California Elected Officials and Organizations Join Growing Coalition to Oppose Proposition 26: September 22, 2022

Measure could Result in $500 Million in Lost Tax Revenue for California Communities

SACRAMENTO, Calif. (September 22, 2022) – Opposition to Proposition 26 continues to grow with additional California elected officials and organizations announcing their opposition to Proposition 26 – the only sports betting measure on the November 2022 ballot that directly harms local communities. 

Newly announced elected officials and organizations opposed to Proposition 26 include:

● City of Gardena
● City of Inglewood
● John Lewis, Councilmember, City of La Mirada
● Raul Peralez, Councilmember, City of San Jose
● Sergio Lopez, Councilmember, City of Campbell
● Trish Herrera Spencer, Councilmember and Former Mayor, City of Alameda
● Fresno Chamber of Commerce
● Modesto Progressive Democrats
● West Hollywood-Beverly Hills Democratic Club

Today’s announcement adds to the chorus of cities, local elected officials, organizations, and community leaders already opposed to Prop 26, including California Contract Cities Association, representing over 70 cities, Gateway Cities Council of Governments, AFSCME California, Disabled American Veterans, California Hispanic Chamber of Commerce, Los Angeles County Business Federation, among hundreds of others.

Prop 26 proposes to amend state law to guarantee tribal casinos a near monopoly on all gaming in California – adding exclusivity over roulette, craps and sports wagering to their current monopoly on slot machines — while giving private trial lawyers the powers of the Attorney General so it can be used against tribal casino operators’ legally-operating competition.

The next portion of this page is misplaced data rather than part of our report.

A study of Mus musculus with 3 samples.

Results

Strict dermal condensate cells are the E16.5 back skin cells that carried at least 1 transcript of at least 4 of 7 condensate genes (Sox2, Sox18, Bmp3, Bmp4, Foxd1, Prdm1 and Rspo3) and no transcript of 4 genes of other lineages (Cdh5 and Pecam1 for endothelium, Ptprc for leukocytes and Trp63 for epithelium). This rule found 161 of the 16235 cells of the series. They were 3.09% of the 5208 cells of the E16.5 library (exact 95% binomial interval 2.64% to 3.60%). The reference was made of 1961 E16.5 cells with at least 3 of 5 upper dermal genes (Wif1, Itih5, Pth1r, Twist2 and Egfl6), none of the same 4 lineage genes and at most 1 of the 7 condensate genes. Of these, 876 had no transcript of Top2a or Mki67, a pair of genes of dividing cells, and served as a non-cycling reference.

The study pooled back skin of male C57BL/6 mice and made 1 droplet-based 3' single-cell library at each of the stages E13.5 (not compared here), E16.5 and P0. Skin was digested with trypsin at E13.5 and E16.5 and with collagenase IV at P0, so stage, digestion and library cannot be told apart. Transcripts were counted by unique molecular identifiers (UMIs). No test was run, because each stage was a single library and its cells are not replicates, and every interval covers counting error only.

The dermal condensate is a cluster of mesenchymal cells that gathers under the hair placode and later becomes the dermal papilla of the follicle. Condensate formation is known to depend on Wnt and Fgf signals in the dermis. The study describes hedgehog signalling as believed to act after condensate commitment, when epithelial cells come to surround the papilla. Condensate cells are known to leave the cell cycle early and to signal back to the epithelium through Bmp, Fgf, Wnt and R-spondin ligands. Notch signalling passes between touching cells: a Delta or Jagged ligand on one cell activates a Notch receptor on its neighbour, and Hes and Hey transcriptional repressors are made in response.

Specifically, this change in state law allows tribal casinos to hire private trial lawyers and replace the role of the Attorney General to sue their non-tribal competitors. As a result, the measure puts more than 32,000 jobs, $1.6 billion in wages and $5.5 billion in total economic impact at risk. Cities rely on this revenue for resident services such as public safety, housing and homeless programs.


It threatens to destroy local jobs. Prop 26 changes the Constitution and state law to set a dangerous precedent that could result in the loss of tens of thousands of quality jobs in communities of color. Tribal casinos have a history of unsuccessfully challenging the legality of local cardrooms. Now, they’re taking it a step too far by exploiting the Private Attorneys General Act (PAGA) that was originally meant to protect workers. Prop 26 expands private action lawsuits into new territory by allowing tribal casinos to sue their competitors — forcing cardrooms out of business with unlimited, meritless lawsuits. Local communities will lose more than 32,000 good paying jobs that generate $1.6 billion in wages annually.

It deprives local governments of revenue for vital services. Prop 26 contains a poison pill for local cardrooms, which are a significant source of tax revenue and economic activity for many local governments. The measure will force cardrooms out of business and result in a loss of $500 million in local tax revenue statewide — meaning fewer funds for public health, homelessness services, senior centers, and after-school programs.  California and local communities will lose $5.6 billion in economic output generated by cardrooms.